On March 20, 2020, the Office of Federal Contract Compliance Programs (OFCCP) became the latest federal agency to address their operations in light of the COVID-19 emergency. The Equal Employment Opportunity Commission (EEOC) issued their announcement on March 17, 2020. Essentially, the OFCCP, EEOC, and most state agencies are continuing at least some operations, although they have either completely moved to teleworking and/or closed their offices to all or unscheduled visitors.
The EEOC has issued press releases and sent emails in both English and Spanish advising the public that they are continuing their work on current charges, accepting new charges through their public portal, and scheduling intake interviews over the telephone. The agency also is cognizant of the need to provide continued guidance to employers and employees. On Saturday, the EEOC issued an update to their 2009 Pandemic Preparedness in the Workplace and the Americans with Disabilities Act guidance addressing the COVID-19 pandemic. Earlier in the week, the EEOC issued guidance on Americans with Disabilities Act, the Rehabilitation Act, and COVID-19. The agency also plans to post an on-line webinar on Friday, March 27, addressing questions about COVID-19 and federal EEO laws.
As part of their on-going operations, the EEOC has continued to work on obtaining approval for the Employer Information Report (EEO-1). In September, the EEOC requested public comment on its plan to cease gathering pay data (EEO-1 Component 2) and return to gathering only demographic data in broad categories (EEO-1 Component 1). On Friday, March 20, the EEOC submitted a formal request to the Office of Management and Budget for a three-year approval to collect only EEO-1 Component 1 information. Interested parties will have until April 22, 2020 to submit written comments and recommendations on the proposal. The text of the notice and instructions on submitting comments can be found here.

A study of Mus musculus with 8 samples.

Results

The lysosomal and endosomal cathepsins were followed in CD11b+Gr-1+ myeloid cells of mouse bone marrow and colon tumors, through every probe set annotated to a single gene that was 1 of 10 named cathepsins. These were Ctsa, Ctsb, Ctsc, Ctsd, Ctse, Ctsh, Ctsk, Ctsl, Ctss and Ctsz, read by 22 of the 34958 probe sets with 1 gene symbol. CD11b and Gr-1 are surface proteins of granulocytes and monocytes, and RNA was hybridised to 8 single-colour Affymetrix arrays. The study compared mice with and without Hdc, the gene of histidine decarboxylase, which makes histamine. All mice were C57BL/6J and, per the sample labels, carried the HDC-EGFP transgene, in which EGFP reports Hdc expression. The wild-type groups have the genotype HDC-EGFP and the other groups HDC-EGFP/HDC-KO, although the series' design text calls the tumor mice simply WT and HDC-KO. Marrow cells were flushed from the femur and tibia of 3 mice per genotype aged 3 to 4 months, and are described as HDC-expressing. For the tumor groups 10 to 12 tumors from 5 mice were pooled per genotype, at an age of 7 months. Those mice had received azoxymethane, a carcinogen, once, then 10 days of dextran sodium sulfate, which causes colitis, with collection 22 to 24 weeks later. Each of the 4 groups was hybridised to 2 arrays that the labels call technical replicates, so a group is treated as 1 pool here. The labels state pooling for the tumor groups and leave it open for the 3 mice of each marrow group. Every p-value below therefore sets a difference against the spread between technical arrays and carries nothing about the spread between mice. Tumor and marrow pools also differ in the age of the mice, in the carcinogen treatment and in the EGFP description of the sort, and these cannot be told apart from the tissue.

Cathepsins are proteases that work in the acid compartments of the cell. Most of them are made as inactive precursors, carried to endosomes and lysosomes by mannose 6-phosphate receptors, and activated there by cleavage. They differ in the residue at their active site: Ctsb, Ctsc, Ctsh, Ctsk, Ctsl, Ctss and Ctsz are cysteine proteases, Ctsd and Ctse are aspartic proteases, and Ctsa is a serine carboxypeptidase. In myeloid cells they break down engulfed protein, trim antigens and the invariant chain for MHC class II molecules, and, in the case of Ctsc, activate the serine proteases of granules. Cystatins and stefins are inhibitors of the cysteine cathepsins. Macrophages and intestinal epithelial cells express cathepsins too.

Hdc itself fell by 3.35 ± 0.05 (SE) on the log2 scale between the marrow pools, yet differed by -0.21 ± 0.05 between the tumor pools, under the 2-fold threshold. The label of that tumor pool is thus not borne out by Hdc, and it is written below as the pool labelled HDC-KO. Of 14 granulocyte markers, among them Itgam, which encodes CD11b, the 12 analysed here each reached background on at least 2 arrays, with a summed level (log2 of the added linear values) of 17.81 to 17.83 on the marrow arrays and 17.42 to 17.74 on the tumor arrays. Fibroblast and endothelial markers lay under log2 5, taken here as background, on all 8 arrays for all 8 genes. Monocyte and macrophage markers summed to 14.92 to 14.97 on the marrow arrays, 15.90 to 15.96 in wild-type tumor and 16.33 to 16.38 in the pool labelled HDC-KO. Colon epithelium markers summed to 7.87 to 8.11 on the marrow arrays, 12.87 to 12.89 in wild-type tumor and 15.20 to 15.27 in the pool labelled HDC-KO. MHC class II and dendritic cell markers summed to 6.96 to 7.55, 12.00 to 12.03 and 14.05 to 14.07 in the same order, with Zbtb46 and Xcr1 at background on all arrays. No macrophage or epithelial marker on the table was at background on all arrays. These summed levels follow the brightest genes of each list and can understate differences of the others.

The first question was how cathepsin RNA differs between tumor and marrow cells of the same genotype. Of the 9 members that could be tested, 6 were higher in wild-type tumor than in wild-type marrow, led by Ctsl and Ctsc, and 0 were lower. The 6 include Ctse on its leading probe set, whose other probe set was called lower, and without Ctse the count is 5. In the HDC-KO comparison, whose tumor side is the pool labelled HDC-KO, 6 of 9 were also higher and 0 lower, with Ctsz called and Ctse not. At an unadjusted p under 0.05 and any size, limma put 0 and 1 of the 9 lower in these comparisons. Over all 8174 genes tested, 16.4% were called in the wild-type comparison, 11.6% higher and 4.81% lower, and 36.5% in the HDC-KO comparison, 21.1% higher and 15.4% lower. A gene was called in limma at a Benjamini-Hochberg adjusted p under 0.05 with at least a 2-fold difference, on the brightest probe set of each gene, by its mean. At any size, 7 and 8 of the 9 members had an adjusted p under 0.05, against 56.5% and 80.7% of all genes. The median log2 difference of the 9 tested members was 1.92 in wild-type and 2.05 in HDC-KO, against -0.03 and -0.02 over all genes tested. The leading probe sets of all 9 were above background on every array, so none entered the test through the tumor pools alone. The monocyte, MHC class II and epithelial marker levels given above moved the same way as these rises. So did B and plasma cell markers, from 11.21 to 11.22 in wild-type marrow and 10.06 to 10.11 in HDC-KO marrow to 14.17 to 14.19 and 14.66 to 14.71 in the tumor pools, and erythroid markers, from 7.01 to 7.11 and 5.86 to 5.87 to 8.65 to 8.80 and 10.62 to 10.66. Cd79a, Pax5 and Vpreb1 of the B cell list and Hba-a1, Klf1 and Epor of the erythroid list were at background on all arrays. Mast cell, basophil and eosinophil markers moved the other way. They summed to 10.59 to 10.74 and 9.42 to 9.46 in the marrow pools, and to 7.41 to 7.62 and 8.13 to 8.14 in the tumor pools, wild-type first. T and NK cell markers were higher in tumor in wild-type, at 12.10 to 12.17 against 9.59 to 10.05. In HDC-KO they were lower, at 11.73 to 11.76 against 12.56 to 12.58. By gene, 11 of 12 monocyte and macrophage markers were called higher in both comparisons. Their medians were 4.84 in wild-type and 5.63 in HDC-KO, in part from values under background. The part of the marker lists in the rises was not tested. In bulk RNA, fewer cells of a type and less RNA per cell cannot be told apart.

The OFCCP also remains fully functional and is continuing with compliance reviews, focused reviews, and complaint investigations. However, the required on-site portion of the Section 503 or Vietnam Era Veterans’ Readjustment Assistance Act focused reviews and any other compliance review or complaint investigation on-site activity will be conducted using “every alternative resource available, such as WebEx, Skype, and phones.” The Agency also will be “flexible” with employers where employees are not immediately accessible for interview, urging contractors with open evaluations and investigations to contact their local OFCCP point of contact to check on the status.
There is one area where OFCCP operations are not business as usual. OFCCP Director Craig Leen has invoked the national interest exemption to Executive Order 11246, VEVRAA, and Section 503 to provide “coronavirus relief.” The coronavirus relief exempts new supply and service and/or construction contracts created March 17, 2020 through June 17, 2020 from the affirmative action requirements. Contractors remain bound by the anti-discrimination requirements of these laws. Contractors that are unsure if their new contracts qualify for the exemption should check for waiver language in their contracts. The specific language is found in the National Interest Exemption Memo.
The OFCCP also recently announced the creation of the OFCCP Contractor Compliance Institute. The newly-formed Institute website already has available a two-hour, five-module course on understanding how to be compliant with the laws enforced by the OFCCP. Your HR employees likely have plenty to do in these challenging times; however, perhaps some team members can find time to take the training course—it should be a good introduction to the OFCCP and their expectations.
State FEP Agencies
At this time, most state fair employment practice agencies appear to be working remotely. Even in states where only essential businesses may remain open, it appears that agencies are accepting and investigating charges. In other states, several agencies indicate that they are holding mediations over the phone or via virtual software, and some may be holding some in-person hearings (but liberally granting requests for extensions or telephonic participation). Of course, operational status may change quickly. For example, although the Wisconsin Equal Rights Division website states that hearings are continuing, we understand from an Administrative Law Judge that all hearings may have been postponed until after May 10, 2020.
Given the current uncertainty, any company with a pending deadline with a state FEP agency should e-mail the investigator, mediator, or ALJ for clarification rather than assuming that their deadline has been extended. If the company does not have the contact information for one of these individuals, the employer should call or email the relevant office.